About this Recording
8.120681 - CROSBY, Bob and BOB CATS: Palesteena (1937-1940)



‘Palesteena’  Original Recordings 1937


Although upstaged by his elder brother, among crooners the personable Bob Crosby had a distinctive timbre and a style of his own, albeit he was never really a jazz singer.  More significantly, however, he won world renown as the front-man of one of the best-organised American swing-bands of the 1930s – a trailblazer in the New Orleans Revival, it was the one which did most to revitalise Dixieland.  Born George Robert Crosby in Spokane, Washington on 25 August 1913, Bob first made an impression as a singer during 1933 and 1934 with the Anson Weeks orchestra and famously doubled briefly as a vocalist with the Dorsey Brothers’ Orchestra (despite the vociferous opposition of Tommy, who rated him a poor second to the great Bing).


Later in 1934 Bob joined Ben Pollack and was with the band when it broke up in California. By the time it opened at the Roseland Ballroom in June 1935, however, the incipient Bob Crosby Orchestra was already taking shape under another figure, Pollack’s Russian-born ex-tenor-saxophonist Gilbert ‘Gil’ Rodin (1906-1974).  The entrepreneurial Rodin was prime mover of the co-operative group affectionately dubbed ‘Pollack’s Orphans’ and it was he who initially hired (via the Rockwell–O’Keefe Agency) the casual, easy-going Bob to front the new band, with saxophonist Dean Kincaide (b. Houston, Texas, 1911) and bassist-composer Bob Haggart (b. New York, 1914) as its forward-looking arrangers.  Rodin would remain the group’s leader and musical director (he was later appointed its president) and was also Bob’s personal manager, remaining faithful until the organisation disbanded in 1942 when several of its members, including himself, were drafted into the US forces.


Under Rodin’s wing, alongside its not inconsiderable stake in the schmaltzy Swing market (evidenced by a succession of hits starting with “In A Little Gypsy Tea Room” in 1935) the Crosby Orchestra swiftly became the pre-eminent, all-white, Dixieland big-band, albeit the band’s earliest critics viewed its slavish homage to traditional 1920s Chicago and New Orleans as obsolescent and retrograde.  Its most prestigious residency, at the Black Hawk Restaurant (1938-1939), was followed by two stints on the commercial radio show Camel Caravan, the first replacing Benny Goodman.  The band’s members, at first hampered like their dancing public by the rigid exigencies of Swing, consciously looked to the music of earlier decades and a high proportion of the band’s commercial and jazz releases (Decca Records were at first unsure of the market for Dixieland) reflected a conscious policy of reviving the tried and familiar.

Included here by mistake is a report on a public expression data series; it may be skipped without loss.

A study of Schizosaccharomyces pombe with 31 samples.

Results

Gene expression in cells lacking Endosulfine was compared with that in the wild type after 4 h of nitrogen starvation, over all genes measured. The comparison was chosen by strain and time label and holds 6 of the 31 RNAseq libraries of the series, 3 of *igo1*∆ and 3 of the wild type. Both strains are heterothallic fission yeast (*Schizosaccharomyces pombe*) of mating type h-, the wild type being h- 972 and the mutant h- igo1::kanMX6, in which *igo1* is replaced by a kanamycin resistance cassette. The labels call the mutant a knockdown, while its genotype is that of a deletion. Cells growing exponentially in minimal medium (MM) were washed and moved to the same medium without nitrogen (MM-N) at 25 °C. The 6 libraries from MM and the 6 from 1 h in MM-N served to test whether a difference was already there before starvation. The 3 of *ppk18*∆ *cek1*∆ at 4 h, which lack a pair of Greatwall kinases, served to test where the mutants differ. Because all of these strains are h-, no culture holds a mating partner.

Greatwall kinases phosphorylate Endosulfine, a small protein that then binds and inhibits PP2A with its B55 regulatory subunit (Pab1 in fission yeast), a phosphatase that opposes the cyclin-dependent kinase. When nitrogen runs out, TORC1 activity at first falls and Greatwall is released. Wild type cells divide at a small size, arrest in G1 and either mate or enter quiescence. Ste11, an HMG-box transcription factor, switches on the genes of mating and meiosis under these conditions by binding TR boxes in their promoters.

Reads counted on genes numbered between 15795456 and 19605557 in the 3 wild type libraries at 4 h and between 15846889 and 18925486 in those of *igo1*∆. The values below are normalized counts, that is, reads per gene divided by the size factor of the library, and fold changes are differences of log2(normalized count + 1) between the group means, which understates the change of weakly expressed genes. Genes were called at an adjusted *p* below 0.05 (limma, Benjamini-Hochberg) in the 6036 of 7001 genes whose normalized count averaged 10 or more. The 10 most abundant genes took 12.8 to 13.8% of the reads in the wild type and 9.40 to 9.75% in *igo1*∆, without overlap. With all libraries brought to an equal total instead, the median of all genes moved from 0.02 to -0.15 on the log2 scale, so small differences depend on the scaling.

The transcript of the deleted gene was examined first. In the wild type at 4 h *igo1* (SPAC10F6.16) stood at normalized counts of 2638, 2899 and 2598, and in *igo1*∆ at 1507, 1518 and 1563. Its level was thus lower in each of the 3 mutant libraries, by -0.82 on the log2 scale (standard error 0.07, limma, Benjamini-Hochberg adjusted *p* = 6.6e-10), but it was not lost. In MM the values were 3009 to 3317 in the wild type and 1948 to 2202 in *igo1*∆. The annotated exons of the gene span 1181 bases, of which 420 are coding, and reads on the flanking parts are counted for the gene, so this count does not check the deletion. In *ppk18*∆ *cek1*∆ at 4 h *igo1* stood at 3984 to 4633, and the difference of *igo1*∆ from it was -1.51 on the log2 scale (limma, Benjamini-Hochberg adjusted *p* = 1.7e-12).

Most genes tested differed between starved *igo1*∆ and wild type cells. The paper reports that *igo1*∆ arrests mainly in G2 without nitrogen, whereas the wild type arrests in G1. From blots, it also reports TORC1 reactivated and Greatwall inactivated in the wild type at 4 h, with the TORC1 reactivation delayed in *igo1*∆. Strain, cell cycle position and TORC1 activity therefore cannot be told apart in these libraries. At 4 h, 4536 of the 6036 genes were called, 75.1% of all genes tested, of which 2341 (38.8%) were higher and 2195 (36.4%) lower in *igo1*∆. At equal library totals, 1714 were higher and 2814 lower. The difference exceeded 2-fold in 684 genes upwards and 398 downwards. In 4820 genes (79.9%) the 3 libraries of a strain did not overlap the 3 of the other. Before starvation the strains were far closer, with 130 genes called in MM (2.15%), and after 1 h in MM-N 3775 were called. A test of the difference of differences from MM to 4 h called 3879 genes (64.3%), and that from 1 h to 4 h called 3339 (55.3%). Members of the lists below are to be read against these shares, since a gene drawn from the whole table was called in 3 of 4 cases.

However, as the perception that white bands could – and should – be as hot as their black counterparts appeared to be growing at the same rate as the audience for Goodman-style Swing, radical changes were soon to be instituted.  An energetic band-within-the-band small group, dubbed the Bobcats, soon assuaged any disappointed jazz fans.  Between 1936 and the musicians’ strike of 1942 a good third of the band’s recorded output was devoted to Bob Cats arrangements (effected principally by Haggart) and already by April 1936 the full band had begun to follow suit with “Muskrat Ramble” and “Dixieland Shuffle”, the first in a long line of Dixieland items.


The Bob Cats are nowadays best remembered for a string of sides generally rated classic Dixieland re-creations.  No doubt encouraged by the popularity of a longer list of full-band numbers (notably “Royal Garden Blues”, “Wolverine Blues” and the band’s virtual theme-tune “South Rampart Street Parade” –all in fine Haggart or Matlock arrangements, these are still standards of the idiom) the Bob Cats followed suit with a steady stream of titles which also reached a ready international market. These included their own ‘theme’ March Of The Bob Cats, Palesteena (a revival of a Con Conrad standard first introduced in a vocal version by Frank Crumit, in 1921), Five Point Blues, Call Me A Taxi and I Hear You Talking (fine creations variously tailored by the band’s talented sidemen-arrangers Bauduc, Haggart Lawson, Miller and Zurke), plus a host of other ‘revivals’ including Zez Confrey’s Stumbling (1922) and Carmen Lombardo’s Coquette (1928), with characteristic pseudo-oriental revivals like Washington And Lee Swing (1910) and Hindustan (1918) set proudly alongside the new, including British arranger Arthur Young’s imported settings of Shakespeare and “The Big Crash From China” and Big Foot Jump.


The orchestra’s founding members comprised a number with either direct New Orleans pedigree or New Orleans influences. Prominent among the key figures of its seven-year existence were the trumpeters Yank Lawson (b. Trenton, Missouri, 1911) and Billy Butterfield (b. Middletown, Ohio, 1917-1988); the clarinettists Irving Fazola (b. New Orleans, 1912-1949), Matty Matlock (b. Paducah, Kentucky, 1907-1978) and Eddie Miller (b. New Orleans, 1911) – their co-presence inspired the nickname ‘Band of the Clarinets’; guitarist Nappy Lamare (b. New Orleans, 1907-1988); pianists Bob Zurke (b. Detroit, 1912-1944), Joe Sullivan (b. Chicago, 1906-1971) and Jess Stacy (b. Bird’s Point, Missouri, 1904) and drummer Ray Bauduc (b. New Orleans, 1908-1988).